Any serious analysis of the structural causes of India’s dysfunction has to refer to the institutional deficiencies. One major causal factor is that the government has practically no constraints on it. An unconstrained government has the power to effect radical change if it so desired, or to impose the status quo by not allowing any innovation or dissent. The content of the actions of an unconstrained government, therefore, matters immensely.
Unconstrained government power is wonderful provided good and wise people govern. But good and wise people, by their very nature, are the exception in the population, and even rarer in government. Given that an unconstrained government has the power to extract and exploit riches from the economy, the most avaricious and the most corrupt can be expected to compete for the power to govern. The outcome is predictable: a kakistocracy — the government of the least capable and the most corrupt.
Where the Worst can do the Least Harm
A government that has severely limited powers avoids that fate. If being in government does not provide opportunities to enrich oneself (and one’s extended family in a foreign country which gave pizza to the world, for example), then it is possible that the power-hungry will rationally stay away. That does not guarantee anything other than that it allows space for the good and the wise to at least have a shot at governing. It’s up to the collective wisdom of the people to elevate the good and the wise.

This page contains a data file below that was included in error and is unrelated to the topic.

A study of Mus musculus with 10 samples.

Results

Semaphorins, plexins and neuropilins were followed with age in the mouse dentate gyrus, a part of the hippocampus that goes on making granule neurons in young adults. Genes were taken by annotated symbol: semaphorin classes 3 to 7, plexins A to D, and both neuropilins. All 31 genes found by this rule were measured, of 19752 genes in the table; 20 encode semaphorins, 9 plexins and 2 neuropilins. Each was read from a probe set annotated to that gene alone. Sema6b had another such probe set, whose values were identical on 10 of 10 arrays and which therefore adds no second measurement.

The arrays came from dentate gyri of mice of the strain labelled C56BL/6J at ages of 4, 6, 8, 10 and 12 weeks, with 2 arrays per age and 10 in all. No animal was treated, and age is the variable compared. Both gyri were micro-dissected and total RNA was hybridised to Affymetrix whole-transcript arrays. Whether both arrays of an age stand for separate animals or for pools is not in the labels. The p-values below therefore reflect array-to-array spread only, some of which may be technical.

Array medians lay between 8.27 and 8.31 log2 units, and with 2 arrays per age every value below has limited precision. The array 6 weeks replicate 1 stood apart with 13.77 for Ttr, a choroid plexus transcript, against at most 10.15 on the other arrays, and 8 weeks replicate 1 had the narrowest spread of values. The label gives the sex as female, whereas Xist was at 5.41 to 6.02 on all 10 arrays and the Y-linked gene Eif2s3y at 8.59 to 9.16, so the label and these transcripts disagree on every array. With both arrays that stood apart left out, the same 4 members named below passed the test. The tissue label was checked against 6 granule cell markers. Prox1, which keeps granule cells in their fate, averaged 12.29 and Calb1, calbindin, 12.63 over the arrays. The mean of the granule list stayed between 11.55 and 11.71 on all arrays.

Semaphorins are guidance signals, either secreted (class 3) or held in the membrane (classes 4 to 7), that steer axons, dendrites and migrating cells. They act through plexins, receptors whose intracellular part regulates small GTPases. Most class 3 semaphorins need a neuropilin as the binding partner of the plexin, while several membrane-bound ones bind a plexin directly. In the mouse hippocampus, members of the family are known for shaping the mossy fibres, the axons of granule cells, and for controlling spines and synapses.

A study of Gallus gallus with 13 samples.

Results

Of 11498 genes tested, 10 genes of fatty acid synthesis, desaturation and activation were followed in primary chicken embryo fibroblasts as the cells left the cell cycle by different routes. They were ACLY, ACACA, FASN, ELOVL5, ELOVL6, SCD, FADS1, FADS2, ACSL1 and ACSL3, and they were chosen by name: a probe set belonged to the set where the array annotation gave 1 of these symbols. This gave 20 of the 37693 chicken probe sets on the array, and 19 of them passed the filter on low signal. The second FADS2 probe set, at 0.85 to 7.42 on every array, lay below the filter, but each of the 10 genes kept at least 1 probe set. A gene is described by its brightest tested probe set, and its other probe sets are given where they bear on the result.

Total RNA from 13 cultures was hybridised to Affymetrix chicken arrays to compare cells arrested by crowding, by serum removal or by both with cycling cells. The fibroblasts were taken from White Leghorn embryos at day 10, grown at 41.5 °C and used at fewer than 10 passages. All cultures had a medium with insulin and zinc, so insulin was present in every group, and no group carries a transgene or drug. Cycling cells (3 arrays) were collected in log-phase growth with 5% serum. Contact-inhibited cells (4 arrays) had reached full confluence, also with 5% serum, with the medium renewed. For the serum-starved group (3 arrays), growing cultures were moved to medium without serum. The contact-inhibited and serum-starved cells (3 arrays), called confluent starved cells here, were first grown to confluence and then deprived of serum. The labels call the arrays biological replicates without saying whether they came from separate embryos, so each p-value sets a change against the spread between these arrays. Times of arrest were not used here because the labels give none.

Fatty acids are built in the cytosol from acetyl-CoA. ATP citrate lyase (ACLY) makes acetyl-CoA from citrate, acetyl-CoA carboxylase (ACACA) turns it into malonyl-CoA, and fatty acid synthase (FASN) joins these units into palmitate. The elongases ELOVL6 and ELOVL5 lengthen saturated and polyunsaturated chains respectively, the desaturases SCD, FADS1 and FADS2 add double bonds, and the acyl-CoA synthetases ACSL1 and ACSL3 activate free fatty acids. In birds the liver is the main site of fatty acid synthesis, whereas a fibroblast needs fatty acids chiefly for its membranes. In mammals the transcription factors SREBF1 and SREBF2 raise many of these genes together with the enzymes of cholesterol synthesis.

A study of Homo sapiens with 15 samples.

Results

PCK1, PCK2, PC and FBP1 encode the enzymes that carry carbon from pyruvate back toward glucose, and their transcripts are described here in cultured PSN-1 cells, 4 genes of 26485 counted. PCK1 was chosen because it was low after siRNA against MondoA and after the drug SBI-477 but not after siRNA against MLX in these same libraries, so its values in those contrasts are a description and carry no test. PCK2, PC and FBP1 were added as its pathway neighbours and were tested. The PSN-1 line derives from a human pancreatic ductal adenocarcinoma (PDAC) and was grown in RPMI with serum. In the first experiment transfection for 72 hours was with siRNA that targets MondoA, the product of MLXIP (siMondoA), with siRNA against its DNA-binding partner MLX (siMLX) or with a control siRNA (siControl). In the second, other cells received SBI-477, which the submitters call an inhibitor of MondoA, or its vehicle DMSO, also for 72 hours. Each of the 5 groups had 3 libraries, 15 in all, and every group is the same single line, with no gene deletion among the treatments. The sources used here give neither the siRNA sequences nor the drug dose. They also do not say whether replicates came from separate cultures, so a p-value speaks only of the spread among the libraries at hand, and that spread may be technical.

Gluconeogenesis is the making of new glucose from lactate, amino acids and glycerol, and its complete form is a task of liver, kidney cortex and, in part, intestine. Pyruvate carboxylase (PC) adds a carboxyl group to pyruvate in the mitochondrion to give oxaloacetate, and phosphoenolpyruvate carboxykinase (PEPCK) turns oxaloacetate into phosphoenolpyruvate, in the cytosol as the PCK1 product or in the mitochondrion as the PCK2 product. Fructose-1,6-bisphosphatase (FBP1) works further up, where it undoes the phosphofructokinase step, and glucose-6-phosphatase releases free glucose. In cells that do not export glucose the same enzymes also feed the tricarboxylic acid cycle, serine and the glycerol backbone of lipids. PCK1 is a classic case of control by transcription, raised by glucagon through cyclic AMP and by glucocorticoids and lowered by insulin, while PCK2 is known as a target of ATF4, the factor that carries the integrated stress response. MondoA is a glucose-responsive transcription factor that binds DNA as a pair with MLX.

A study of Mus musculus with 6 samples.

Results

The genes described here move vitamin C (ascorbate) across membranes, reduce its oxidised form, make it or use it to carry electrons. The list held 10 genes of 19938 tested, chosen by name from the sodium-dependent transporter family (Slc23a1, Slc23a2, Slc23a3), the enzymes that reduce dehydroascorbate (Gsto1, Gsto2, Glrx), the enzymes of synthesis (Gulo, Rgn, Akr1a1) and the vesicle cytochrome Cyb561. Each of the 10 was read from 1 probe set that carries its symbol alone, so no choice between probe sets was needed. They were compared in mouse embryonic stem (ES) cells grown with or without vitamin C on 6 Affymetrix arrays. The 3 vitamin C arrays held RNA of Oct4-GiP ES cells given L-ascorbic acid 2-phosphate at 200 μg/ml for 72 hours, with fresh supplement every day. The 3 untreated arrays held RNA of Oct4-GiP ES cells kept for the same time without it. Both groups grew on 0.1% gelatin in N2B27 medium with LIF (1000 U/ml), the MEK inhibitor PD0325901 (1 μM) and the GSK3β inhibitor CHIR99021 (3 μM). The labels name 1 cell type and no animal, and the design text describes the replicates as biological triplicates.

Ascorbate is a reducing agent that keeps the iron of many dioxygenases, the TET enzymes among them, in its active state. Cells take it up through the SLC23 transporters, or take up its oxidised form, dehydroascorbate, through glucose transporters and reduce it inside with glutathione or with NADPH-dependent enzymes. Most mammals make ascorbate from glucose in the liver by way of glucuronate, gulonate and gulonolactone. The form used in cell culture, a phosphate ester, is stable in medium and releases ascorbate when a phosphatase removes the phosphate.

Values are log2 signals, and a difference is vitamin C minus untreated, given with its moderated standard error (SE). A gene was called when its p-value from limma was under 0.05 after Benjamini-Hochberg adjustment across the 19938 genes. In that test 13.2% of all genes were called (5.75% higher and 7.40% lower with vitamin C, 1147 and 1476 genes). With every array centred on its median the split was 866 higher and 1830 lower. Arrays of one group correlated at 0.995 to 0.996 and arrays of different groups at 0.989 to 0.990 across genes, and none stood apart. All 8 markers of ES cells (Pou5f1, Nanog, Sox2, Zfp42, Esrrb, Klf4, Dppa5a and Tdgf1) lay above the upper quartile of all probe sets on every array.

But instead of having a powerful government where the best kind of leaders can do great things, it is better to design a government where the worst kind of leaders can do the least harm. That means curtailing the powers of the government.
Non-discrimination and Non-interference
It is easy to specify necessary constraints on the government. First, the government must be forbidden to discriminate among citizens in any way — religion, socio-economic status or any other group identity. All citizens must be equal not just before the law but also before the government.
Second, the government must not interfere in the economy. The economy needs to have an agency that will punish with force any instance of fraud and enforce contracts. The economy is a game among competitors who are people and firms. To ensure fairness of the game, the government has to be the impartial referee. Prohibiting the government from interfering the economy means that government cannot itself become a player in the game. Allowing the government to play in the game is idiotic and those who allowed the Indian government to do so were insane or stupid, or more likely both.
A Systemic Problem
Indians have been on an unending quest — to find good leaders who will govern wisely. It’s unfortunately futile. The search for the good and the wise is OK in other domains but not in the matter of government because even if they do find the good person, the power that comes with being in government always corrupts. Once a person (good or bad) reaches the pinnacle of power, it’s human nature to seek to retain and enlarge that power. And that ensures that continued expansion of governmental power, which attracts the dregs of humanity to governance.
It’s not Modi’s fault. It’s not even the fault of any particular political party. It’s systemic, not idiosyncratic. It’s in the DNA of the organism. You cannot grow a dwarf into a normal sized person by changing the diet or replacing the cook; the dwarf’s constitution dictates how he will grow. The DNA of the Indian government is written in the constitution. The names and other particulars of the leaders that the system selects change but their fundamental core characteristics don’t change because that’s what the system selects.